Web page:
Will Hip Hop Performers Headline More Super Bowl Halftime Shows In The Future?

November 7, 2022 0

unnamed-500x375 Will Hip Hop Performers Headline More Super Bowl Halftime Shows In The Future?

Back in September,  it was announced that nine-time Grammy winner Rihanna will headline the Super Bowl 57 halftime show.


The 34-year-old Rihanna is renowned for her versatility, having performed songs in a variety of genres. This includes pop, hip hop and R&B. So yes, there will technically be a hip hop performer at the halftime show.


Super Bowl 57 will take place on Feb. 12 at State Farm Stadium (home of the NFL’s Arizona Cardinals) in Glendale, Arizona. This will be the third Super Bowl to take place inside the venue; Super Bowl 42 (the New York Giants vs. the New England Patriots in 2008) and Super Bowl 49 (the Patriots vs. the Seattle Seahawks in 2015) were also held here.


The state of Arizona launched legalized sports betting in September of last year. So fans in The Copper State will have the fun opportunity to bet on a Super Bowl game that’s being held right here in Arizona.


Cardinals fans can actually place wagers at the BetMGM Arizona Sportsbook which is located at State Farm Stadium and also online for their convinience. BetMGM Arizona is also offering customers a risk-free bet of up to $1,000 upon signing up.


The Cardinals will need a hot second half to sneak into the playoff picture. But if they can find a way to get hot and win the NFC Championship, this would mark the third straight year in which a team plays at a Super Bowl in its own stadium. 


The Tampa Bay Buccaneers became the first team to do so in Super Bowl 55, defeating the Kansas City Chiefs at Raymond James Stadium to win their second Lombardi Trophy. Last season, the Los Angeles Rams outlasted the Cincinnati Bengals at SoFi Stadium to win the Super Bowl.


Throughout the history of Super Bowl halftime shows, fans have gotten to enjoy a wide range of different music genres, artists and bands. From Prince to The Rolling Stones to Michael Jackson to Paul McCartney to Beyoncé, there is no shortage of all-time great musicians who delivered unforgettable performances on the Super Bowl halftime show stage.


At this phase, there’s good reason to believe that Hip Hop music artists will headline Super Bowl  halftime shows over the long run.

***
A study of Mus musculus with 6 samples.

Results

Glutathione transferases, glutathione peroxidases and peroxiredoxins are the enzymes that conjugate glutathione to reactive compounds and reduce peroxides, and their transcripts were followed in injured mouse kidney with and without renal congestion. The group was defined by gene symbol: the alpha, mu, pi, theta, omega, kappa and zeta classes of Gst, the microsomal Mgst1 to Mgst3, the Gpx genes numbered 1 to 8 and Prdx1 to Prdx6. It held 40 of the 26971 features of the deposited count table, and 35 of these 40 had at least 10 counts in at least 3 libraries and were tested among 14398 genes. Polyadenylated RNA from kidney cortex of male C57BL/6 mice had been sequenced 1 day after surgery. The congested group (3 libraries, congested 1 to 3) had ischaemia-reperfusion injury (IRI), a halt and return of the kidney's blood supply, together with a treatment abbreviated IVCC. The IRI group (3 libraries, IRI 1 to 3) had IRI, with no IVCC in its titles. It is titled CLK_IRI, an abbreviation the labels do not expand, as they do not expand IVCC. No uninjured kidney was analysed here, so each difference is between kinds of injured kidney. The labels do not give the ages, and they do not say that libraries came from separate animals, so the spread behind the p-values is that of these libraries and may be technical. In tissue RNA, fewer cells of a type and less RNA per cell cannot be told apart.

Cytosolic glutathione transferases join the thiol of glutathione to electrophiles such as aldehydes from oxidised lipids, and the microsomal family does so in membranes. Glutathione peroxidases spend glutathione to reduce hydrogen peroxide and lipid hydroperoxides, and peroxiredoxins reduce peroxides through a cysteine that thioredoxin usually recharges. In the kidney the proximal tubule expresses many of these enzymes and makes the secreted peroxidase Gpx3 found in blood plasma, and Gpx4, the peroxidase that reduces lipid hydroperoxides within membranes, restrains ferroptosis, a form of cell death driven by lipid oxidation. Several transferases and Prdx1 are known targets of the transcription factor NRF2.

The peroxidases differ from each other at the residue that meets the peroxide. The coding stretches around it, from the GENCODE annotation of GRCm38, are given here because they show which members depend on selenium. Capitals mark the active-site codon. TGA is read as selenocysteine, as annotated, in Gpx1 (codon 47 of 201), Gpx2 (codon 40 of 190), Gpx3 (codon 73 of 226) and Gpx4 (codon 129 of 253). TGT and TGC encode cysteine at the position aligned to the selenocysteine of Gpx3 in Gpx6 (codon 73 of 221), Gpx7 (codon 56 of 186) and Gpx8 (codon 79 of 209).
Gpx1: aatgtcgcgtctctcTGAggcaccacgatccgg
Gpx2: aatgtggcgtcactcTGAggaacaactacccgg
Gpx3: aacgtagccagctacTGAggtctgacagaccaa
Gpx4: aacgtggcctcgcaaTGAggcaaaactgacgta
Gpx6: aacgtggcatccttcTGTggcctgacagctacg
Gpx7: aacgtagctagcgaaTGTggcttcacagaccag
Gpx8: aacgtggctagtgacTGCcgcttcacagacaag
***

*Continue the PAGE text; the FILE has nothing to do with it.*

Expect More Hip Hop Artists At Super Bowl Halftime Shows


The Super Bowl 56 halftime show was a star-studded lineup which featured Dre. Dre, Snoop Dogg, Mary J. Blige, Eminem and Kendrick Lamar. 50 Cent and Anderson .Paak were special guests at the show, too.


These beloved music artists made history by performing the first full hip hop Super Bowl halftime show in history. NBC Sports, which broadcast the Super Bowl, announced that the halftime show averaged 112.3 million viewers.


With numbers like that, why wouldn’t the NFL and Apple Music (the new sponsor of the Super Bowl halftime show), want more hip hop artists? 


One also has to consider the long list of world-famous hip hop musicians who have yet to perform at a Super Bowl halftime show: Drake, Lil Baby, Post Malone and J. Cole are just a handful of the biggest names in the hip hop world who haven’t performed at a Super Bowl.


And of course, The Weeknd was the headliner of the Super Bowl 55 halftime show. 


Just consider that Rihanna and the Super Bowl 56 performers had to wait a while to get their call to the halftime show stage, and they’ve been household names for a long time. The likes of Drake and Lil Baby just have to be patient, and perhaps the NFL and Apple Music will ask them to perform at a future Super Bowl show.


Considering the massive ratings and universal praise that the hip hop artists received for Super Bowl 56, there’s good reason to believe the NFL and Apple Music will look to continue the trend of hip hop music.


One also has to consider that many of the great musicians and bands from previous eras/generations have already performed at the Super Bowl halftime show. You’re not going to see McCartney, The Rolling Stones or U2 headline another one, for instance.


So when you look at the recent history and the success of hip hop music today, it’s safe to say that we’ll see a lot more hip hop musicians headlining Super Bowl halftime shows over the long run.